Five More Years?

Congress is about to rubber-stamp Arthur Levitt's reappointment. First, it should find out where he stands.

Ronald Fink is a senior editor at CFO.

Levitt’s Reign

While critics of the SEC chairman would argue that much of his record deserves anything but praise, Arthur Levitt has an impressive list of accomplishments to show for his first five-year term:

  • Added representatives of investors and others from outside the securities industry to the board of the NASD.
  • Convinced the municipal-bond industry to accept a ban on most campaign contributions.
  • Created a commission to prevent conflicts of interest at accounting firms that also engage in management consulting.
  • Created a commission that proposed ways to reduce conflicts between Wall Street and investors, such as compensating brokers other than for their trading volume.
  • Sought and won accounting standards for derivatives.
  • Helped put more representatives of investors on the board of the Financial Accounting Foundation.
  • Encouraged the use of alternatives to traditional securities-underwriting methods.
  • Convinced the New York Stock Exchange to ease its rules for delisting securities.
  • Oversaw the move to securities pricing based on decimals.

What’s a Bond Really Worth?

While the Securities and Exchange Commission cracked down on the National Association of Securities Dealers over allegations of price fixing, the nation’s top securities cop seems less concerned about allegations of price collusion among bond dealers.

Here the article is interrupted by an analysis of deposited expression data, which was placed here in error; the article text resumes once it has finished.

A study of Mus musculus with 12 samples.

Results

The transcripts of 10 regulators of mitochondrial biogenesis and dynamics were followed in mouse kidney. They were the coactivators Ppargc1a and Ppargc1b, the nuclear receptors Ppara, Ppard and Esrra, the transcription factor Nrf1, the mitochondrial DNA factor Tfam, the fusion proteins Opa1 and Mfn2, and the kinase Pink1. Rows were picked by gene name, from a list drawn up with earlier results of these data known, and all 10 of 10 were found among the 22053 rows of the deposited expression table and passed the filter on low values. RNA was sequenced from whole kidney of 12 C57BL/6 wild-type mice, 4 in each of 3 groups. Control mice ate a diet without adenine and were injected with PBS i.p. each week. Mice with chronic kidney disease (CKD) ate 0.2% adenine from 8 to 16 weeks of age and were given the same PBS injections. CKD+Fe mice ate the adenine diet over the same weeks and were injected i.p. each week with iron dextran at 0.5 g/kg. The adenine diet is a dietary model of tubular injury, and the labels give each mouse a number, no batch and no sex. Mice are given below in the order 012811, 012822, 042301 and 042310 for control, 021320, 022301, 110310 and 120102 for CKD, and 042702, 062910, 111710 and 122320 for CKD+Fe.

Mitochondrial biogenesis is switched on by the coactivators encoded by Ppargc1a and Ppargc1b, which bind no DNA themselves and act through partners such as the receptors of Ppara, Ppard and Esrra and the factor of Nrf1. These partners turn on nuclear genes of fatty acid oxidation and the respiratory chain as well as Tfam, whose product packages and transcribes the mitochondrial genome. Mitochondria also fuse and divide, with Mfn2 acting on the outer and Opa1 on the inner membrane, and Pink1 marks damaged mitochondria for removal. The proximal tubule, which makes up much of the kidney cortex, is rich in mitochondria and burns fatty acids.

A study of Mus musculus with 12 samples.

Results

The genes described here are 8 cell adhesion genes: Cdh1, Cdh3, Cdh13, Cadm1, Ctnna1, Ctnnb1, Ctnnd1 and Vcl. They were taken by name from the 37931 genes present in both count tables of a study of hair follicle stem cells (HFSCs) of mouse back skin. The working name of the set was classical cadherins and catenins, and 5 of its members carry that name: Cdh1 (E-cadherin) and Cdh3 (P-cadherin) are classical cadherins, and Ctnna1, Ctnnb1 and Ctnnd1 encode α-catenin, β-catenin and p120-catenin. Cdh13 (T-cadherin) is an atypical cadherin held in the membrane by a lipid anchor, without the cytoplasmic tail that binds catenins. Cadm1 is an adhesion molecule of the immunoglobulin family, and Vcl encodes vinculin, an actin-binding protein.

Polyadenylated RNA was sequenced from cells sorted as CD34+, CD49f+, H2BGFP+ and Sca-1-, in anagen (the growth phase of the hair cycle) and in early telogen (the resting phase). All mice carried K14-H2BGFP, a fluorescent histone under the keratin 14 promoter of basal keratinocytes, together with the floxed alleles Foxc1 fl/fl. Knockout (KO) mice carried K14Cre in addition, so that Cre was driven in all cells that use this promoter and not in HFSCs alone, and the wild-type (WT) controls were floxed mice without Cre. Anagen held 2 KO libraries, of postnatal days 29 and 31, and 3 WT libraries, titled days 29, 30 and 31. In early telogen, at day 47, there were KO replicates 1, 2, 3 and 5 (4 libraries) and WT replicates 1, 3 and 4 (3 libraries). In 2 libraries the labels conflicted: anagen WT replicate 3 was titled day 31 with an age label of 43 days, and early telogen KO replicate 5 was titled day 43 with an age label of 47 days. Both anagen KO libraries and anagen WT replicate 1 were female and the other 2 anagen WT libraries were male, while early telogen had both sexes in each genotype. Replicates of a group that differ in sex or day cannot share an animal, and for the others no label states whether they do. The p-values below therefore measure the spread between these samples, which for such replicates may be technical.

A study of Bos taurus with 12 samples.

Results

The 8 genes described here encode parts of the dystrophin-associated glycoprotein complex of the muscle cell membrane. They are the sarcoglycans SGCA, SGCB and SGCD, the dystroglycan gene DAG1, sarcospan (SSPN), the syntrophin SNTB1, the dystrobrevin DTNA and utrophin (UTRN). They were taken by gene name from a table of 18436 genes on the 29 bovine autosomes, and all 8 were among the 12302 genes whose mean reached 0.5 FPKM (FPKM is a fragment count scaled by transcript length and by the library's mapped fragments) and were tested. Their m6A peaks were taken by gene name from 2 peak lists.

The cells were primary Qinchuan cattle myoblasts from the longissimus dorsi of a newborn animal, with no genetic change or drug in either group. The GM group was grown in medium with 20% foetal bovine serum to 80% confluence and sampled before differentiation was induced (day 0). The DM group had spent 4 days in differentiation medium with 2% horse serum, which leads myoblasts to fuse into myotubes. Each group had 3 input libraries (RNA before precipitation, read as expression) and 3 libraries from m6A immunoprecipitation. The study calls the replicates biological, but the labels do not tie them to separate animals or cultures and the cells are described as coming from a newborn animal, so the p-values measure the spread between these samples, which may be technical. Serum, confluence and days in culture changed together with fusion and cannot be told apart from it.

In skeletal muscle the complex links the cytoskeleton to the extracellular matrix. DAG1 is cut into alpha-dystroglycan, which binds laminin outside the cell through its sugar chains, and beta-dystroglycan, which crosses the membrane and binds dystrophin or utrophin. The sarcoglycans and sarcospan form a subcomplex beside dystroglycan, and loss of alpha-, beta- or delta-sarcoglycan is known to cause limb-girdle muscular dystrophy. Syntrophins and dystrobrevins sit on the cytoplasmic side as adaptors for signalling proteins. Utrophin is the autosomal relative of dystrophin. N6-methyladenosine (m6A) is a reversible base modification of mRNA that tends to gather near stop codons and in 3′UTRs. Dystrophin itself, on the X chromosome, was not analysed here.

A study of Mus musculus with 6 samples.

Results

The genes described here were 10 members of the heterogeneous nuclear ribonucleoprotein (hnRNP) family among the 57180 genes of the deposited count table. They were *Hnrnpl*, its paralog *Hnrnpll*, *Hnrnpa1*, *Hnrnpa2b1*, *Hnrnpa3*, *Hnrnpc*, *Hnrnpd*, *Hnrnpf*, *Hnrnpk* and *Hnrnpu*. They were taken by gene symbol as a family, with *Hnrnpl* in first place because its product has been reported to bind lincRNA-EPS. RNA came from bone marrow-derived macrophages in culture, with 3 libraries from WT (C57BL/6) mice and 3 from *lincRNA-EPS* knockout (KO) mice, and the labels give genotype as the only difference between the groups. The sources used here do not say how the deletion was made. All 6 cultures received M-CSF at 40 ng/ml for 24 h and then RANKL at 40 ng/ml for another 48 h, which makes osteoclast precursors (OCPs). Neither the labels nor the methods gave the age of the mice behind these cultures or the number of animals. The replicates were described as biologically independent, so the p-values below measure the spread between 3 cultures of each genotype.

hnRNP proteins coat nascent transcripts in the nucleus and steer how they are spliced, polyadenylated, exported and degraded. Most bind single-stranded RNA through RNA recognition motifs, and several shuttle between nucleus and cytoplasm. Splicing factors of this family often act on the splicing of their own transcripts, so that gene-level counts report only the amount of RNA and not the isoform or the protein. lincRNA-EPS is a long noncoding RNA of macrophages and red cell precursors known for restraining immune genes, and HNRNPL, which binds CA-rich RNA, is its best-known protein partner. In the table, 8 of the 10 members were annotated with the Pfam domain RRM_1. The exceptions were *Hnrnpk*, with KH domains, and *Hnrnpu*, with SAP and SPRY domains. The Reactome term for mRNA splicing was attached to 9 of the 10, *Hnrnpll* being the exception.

Consider the case of InterVest Financial Services Inc., a Philadelphia-based electronic trading system for bonds. The InterVest system is designed to help bond investors get a range of price quotes from dealers on any given issue, which is currently quite hard to come by. Unlike stocks, bonds are not listed on exchanges. All trading is handled by dealers representing buyers and sellers. And because investors have no effective means of comparing bid and asked prices, dealers’ spreads are suspected of being much wider than they would otherwise be.

Larry Fondren, founder and CEO of InterVest, estimates that the difference amounts to at least $15 billion a year, and believes the figure is probably many times that amount, considering that an estimated $60 billion in corporate bonds changes hands every day in the United States — dwarfing the value of stocks traded daily here.

After winning SEC approval of its system in 1992, InterVest arranged to provide access to its customers through Bloomberg LP’s financial data network. But InterVest has had an extremely hard time getting dealers to participate, because of its transparency. And after InterVest announced in January that it would offer a new service that would let issuers market bonds directly to the public, Bloomberg canceled its agreement with InterVest.

Why? Bloomberg isn’t saying. But Fondren suspects pressure from dealers, noting that the country’s largest dealer, Merrill Lynch, has a 20 percent stake in Bloomberg. So he has asked the Justice Department’s antitrust division and the SEC’s division of market regulation to investigate.

Neither Justice nor the SEC will comment on the case, but Fondren says his complaints have fallen on deaf ears. “Justice told me that unless I can show that a bunch of bond dealers were sitting around in a room together, they won’t have enough to go on.” He says he got much the same response from the SEC.

However, federal regulators may soon have significantly more to work with besides Fondren’s complaint, and it would come from a source that has proven extremely helpful in the past. The Nasdaq price-fixing scandal was the direct result of research on that market by academics Paul Schultz and William L. Christie. At Fondren’s urging, Schultz, now a finance professor at the University of Chicago, has agreed to undertake a similar study of spreads in the corporate bond market, using trading data supplied by life insurers, which are the biggest holders of corporate issues. —R.F.